A wee forest is to be planet at The Woodies on broomhill road in Aberdeen
The Woodies has been chosen as the Aberdeen "wee forest" location. Picture by Kenny Elrick

A network of “wee forests” will be planted in towns and cities across Scotland this year to help tackle climate change.

Each of the densely packed areas of woodland will be roughly the size of a tennis court and will be located in an urban area.

The scheme is backed by £500,000 from the Scottish Government and Aberdeen has been selected as one of the locations.

Where is Aberdeen’s wee forest going to be?

Aberdeen City Council has worked with NatureScot and Earthwatch to select a suitable spot for the Granite City’s first purpose-built “wee forest”.

A small grassy park called The Woodies on Broomhill Road has been picked as the location.

Last year the council agreed to remove a set of old garages from this park. It’s not yet clear if the new forest will be planted on this part of the site.

The woodies in Aberdeen
Last year the council made a decision to get rid of these garages at The Woodies. Picture by Kath Flannery.

A spokesperson for the council said the project was still in its “early days” but that progress will be made soon.

Councillor Philip Bell, Aberdeen City Council’s operations convenor said: “We are delighted to be taking part in the programme and we are currently working closely with NatureScot to develop a wee forest in Aberdeen”.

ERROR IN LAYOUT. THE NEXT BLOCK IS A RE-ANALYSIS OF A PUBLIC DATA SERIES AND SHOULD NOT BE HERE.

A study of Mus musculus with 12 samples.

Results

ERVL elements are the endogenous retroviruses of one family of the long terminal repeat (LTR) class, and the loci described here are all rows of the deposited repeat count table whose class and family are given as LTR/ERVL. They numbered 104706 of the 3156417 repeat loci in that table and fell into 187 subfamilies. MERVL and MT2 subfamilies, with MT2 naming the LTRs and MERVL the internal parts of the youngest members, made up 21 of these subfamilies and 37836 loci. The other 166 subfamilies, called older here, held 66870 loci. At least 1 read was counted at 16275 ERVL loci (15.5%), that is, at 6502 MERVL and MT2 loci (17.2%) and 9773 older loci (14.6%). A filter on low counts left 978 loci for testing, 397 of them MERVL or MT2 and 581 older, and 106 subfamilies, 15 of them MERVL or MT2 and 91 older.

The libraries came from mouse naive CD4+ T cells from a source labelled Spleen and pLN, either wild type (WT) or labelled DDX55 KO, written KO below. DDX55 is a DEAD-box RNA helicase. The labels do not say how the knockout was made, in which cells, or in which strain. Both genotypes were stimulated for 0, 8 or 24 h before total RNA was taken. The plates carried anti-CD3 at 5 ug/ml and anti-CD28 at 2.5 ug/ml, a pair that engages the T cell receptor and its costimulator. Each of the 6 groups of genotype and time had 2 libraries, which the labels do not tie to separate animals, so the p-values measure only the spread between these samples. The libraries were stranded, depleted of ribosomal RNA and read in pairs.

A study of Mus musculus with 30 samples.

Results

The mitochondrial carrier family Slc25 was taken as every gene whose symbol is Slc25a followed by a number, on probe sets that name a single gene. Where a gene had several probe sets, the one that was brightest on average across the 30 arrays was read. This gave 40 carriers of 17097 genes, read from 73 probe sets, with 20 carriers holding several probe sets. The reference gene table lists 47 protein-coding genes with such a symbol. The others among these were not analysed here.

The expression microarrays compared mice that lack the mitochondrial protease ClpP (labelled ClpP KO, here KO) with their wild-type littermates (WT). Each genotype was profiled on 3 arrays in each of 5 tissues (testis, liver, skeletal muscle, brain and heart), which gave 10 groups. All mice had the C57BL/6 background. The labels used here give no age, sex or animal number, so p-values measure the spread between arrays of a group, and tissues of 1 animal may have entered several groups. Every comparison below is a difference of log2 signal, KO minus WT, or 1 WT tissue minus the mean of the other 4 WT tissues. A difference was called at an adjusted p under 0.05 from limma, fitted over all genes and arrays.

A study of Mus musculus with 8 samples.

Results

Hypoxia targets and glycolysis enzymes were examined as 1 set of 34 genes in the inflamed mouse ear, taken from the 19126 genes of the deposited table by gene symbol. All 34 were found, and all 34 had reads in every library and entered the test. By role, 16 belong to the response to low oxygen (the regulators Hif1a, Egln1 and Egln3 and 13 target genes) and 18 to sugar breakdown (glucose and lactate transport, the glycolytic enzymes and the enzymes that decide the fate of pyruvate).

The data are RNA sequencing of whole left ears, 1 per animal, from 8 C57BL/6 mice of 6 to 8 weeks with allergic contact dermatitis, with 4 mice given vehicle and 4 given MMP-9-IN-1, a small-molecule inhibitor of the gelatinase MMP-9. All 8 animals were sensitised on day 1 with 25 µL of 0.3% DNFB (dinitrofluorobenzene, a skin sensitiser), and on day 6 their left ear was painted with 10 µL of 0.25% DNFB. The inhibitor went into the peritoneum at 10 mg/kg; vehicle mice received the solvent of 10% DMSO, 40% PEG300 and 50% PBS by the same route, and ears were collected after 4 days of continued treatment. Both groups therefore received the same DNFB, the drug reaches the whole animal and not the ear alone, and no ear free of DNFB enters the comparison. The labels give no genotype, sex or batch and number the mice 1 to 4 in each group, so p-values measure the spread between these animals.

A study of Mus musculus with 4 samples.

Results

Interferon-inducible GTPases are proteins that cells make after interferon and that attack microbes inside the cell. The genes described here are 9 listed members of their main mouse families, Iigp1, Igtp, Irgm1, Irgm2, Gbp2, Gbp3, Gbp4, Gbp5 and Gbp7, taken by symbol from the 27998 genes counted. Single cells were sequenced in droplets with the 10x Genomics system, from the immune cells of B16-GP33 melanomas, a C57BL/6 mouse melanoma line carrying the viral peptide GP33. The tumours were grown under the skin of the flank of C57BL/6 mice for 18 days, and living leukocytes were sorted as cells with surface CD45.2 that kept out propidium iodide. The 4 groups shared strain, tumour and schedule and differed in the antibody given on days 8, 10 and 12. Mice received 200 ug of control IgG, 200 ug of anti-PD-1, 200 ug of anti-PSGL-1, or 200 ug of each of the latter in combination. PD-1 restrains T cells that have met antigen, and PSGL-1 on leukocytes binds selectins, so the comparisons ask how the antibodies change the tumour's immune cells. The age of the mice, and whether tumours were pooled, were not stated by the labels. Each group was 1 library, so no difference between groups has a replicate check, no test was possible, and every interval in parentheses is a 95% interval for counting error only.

Altogether, 20 “wee forests” will be planted around Scotland in the winter of 2021/2022, in locations including Glasgow, Edinburgh, Dundee, Ayrshire and Lothian.

What is the point of a tiny forest?

According to NatureScot, the programme aims to give people the opportunity to be involved in the fight against climate change and biodiversity loss by creating and caring for their own forests in their own neighbourhoods.

Volunteers will plant and tend the forests as they grow, as well as monitor the wildlife and measure how much carbon is captured by the trees as they grow.

The “wee forests” project will form part of the legacy of Cop26 and provide outdoor learning opportunities for schools, ministers say.

Minister for Environment Mairi McAllan
Minister for Environment Mairi McAllan, centre, believes the “wee forests” will be a good way to help tackle climate change and biodiversity loss. Picture by Diageo

Environment Minister Mairi McAllan believes the Covid pandemic has changed how many of us view and value nature.

“We want to improve access to green spaces and provide equal opportunities for everyone to connect with nature,” she said.

“Wee forests are an ideal way of achieving this, whether as a place for children to play or a quiet spot to escape the hustle and bustle of the city.”

She also said that projects like “wee forests” are a great way for Scotland to show the rest of the world how it is tackling the twin crises of climate change and biodiversity loss.

Why are wee forests different to muckle eens?

These Wee Forests in Scotland are part of the global family of Miyawaki Forests or ‘Tiny Forests’.

The Miyawaki method of tree planting is named after its creator, Akira Miyawaki, a Japanese botanist and plant ecologist.

A Miyawaki Forest in Kerala
An example of a tropical Miyawaki mini forest in Kerala, India. Picture by Shutterstock.

He discovered that using trees native to the area and replicating natural forest regeneration processes encourages the forest to grow faster.

It sounds like a no-brainer, but not only do trees planted by this method grow much faster, they also jump-start the forest creation process and capture more carbon

Aberdeen’s Wee Forest will join more than 3,000 other Miyawaki forests currently growing around the world.